There's an alarming trend in American jurisprudence today. Reactionary measures against the drug crisis that's been sweeping through large parts of the country have led prosecutors to see criminal intent behind every overdose death -- at least, whenever they can connect the drugs that led to the overdose back to its source.
Doctors who prescribe patients too many pain pills have been indicted and convicted on manslaughter charges. Family members who have shared pain meds with relatives have faced trials. Friends who shared drugs with other addicted friends have also found themselves facing long sentences in federal prisons after their friends accidentally overdose.
The idea is to make drug dealers more responsible for the damage they inflict and put a stop to the spread of drugs that are dangerously strong from flooding the market -- which has been a major problem.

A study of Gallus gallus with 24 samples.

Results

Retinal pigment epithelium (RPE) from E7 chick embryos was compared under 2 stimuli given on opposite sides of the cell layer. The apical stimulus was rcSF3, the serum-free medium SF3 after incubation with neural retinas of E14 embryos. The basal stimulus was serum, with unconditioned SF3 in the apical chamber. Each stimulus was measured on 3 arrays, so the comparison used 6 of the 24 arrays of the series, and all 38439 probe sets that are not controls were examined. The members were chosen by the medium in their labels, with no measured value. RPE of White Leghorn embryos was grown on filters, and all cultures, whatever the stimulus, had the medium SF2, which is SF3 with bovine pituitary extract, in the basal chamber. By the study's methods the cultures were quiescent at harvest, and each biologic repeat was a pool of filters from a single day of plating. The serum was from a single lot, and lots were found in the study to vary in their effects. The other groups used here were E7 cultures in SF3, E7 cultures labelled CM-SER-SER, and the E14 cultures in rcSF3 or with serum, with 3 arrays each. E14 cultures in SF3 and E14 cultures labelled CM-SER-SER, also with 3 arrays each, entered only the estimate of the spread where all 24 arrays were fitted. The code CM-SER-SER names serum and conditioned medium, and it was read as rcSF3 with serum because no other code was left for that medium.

One huge difficulty with this legal trend is that it could make it harder for someone who is overdosing to get the medical attention they need to survive. After all, addicts tend to hang out with other addicts -- and if someone is scared they'll be charged with murder if a friend overdoses, they may run rather than call 911.
The second huge difficulty is that it requires a disjointed approach to the whole drug problem in this country in the first place -- drawing distinctions that aren't really there between most people "trafficking" in drugs in these cases and the addicts that they supply. In many cases, the alleged drug trafficker is just another individual suffering from addiction and selling a few drugs to support that addiction -- or even just sharing what they have with others.
Just this month, authorities arrested a 28-year-old Georgia man two months after he sold heroin laced with fentanyl to another man that accidentally overdosed. This case is the first of its kind in DeKalb County -- but it comes just as the Georgia Supreme Court is set to give a decision on a similar case.
The stage is set for more addicts to be prosecuted exceptionally harshly in conjunction with overdoses. If you're charged with a drug crime in Georgia, get legal help today.